Christophe Paou, right, and Pierre Deladonchamps, right, in STRANGER BY THE LAKE
Courtesy of Strand Releasing
2013, 100 minutes
Not Rated

Review by Joshua Handler

Alain Guiraudie's won the Un Certain Regard Directing Prize for his racy new sexual drama Stranger by the Lake, a seductive film that takes place exclusively at a gay cruising ground in France over the summer.  It tells the story of Franck (Pierre Deladonchamps), a frequent at the cruising grounds who falls for Michel (Christophe Paou).  However Franck witnesses Michel drowning a man in the lake late one night and becomes increasingly drawn to him.

Stranger by the Lake is a daring film for many reasons, most noticeably for its use of real sex and casual nudity.  The sex and nudity aren't gratuitous, though.  Guiraudie takes time to allow his audience to acclimate to his film's unique setting and through doing this, he establishes that sex is everywhere and just a normal part of life in the world of the film.  Stranger by the Lake also explores the cruising life.  Characters like Franck go to the cruising grounds for anonymous sex.  Anonymity is everything.  When questioned about who he was with the day of the murder, Franck cannot remember the name of his companion that day.  It is established that some men cruise while in relationships with women, and this anonymity is a form of protection for the men.  As a side note, protection plays a large role in the film, as the decision of whether to or whether not to use protection during sex is discussed, as well as whether or not to protect oneself from evil.

The link between sex and death is explored in a manner not unlike the films of Pedro Almodóvar, Matador in particular.  However, Guiraudie explores this link in a casual manner, while Almodóvar makes a point of it through intense scenes of sexuality.  Michel obviously poses a threat to Franck's life, but Franck keeps returning to Michel time and time again as the film becomes darker and darker.  At first it is the sex that keeps Franck interested, but it quickly turns into what seems like genuine love.  The memorable final scene brings home the link between sex and death in a manner that you won't expect (no spoilers there).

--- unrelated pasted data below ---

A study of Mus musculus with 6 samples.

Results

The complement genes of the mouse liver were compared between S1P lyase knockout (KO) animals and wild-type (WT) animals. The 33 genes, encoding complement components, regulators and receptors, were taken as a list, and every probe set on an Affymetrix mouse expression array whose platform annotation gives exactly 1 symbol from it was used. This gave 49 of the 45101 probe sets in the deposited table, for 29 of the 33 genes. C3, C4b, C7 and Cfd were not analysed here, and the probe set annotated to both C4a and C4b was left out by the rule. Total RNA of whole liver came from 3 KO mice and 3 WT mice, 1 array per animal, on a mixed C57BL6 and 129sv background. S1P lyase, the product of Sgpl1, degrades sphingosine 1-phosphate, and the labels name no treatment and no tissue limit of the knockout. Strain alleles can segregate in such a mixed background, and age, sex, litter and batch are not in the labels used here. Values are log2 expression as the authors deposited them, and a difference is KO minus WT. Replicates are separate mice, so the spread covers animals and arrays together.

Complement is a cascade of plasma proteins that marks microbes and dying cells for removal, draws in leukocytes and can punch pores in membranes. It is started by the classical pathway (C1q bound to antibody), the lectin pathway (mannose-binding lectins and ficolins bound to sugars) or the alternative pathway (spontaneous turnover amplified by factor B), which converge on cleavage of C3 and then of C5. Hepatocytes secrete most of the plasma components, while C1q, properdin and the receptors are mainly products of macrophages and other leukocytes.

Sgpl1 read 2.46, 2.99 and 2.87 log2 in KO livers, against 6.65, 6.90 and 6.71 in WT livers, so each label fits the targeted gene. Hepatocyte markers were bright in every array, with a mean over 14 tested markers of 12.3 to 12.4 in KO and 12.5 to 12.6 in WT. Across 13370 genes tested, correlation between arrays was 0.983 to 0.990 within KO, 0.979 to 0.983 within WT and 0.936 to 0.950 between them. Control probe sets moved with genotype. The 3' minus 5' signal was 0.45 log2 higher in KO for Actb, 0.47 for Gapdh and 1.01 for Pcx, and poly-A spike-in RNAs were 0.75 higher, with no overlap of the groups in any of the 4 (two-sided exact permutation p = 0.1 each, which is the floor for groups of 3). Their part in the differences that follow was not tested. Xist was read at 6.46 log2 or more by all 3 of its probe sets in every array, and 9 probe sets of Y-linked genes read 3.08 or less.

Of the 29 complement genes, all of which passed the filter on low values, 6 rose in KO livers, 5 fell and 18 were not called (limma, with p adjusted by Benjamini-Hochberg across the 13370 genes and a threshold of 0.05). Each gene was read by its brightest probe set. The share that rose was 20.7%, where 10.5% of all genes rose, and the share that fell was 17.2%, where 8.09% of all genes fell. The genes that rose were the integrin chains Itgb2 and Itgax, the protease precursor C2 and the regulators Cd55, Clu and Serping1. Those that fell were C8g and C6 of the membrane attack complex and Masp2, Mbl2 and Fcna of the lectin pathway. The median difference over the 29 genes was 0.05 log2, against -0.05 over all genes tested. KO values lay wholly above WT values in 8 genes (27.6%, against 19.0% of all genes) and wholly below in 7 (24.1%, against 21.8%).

Cruising in Stranger by the Lake is reminiscent of hunters hunting prey.  Each man looks for another in the woods, as if trying to find the right one to take.  Some hunt all day, to ultimately find no one.  Cruising for these men is a way of life, not something completely out of the ordinary or some special treat.  Some spend their entire summers at the cruising grounds looking for the right man or men.  This is these men's lifestyles and while it may not be the lifestyle of the majority of audience members, the casual sexual encounters begin to become the norm after watching the film for a while.

The acting by all is very strong and Claire Mathon's cinematography is dazzling.  The camera moves very little in Stranger by the Lake and when it does, it is used to explore the location.  The colors are bright and the lake shines in the sunset.  Mathon's shot compositions are very appealing and add to the intrigue of the world being portrayed.

Overall, Stranger by the Lake is a gorgeous, thought-provoking film that has kept me thinking since leaving the theater last night.  It will likely only appeal to the more adventurous filmgoer, which is a shame considering it one of the better films to be playing NYFF.

Strand Releasing will be releasing Stranger by the Lake on January 24th, 2014 in select theaters including the Film Society of Lincoln Center.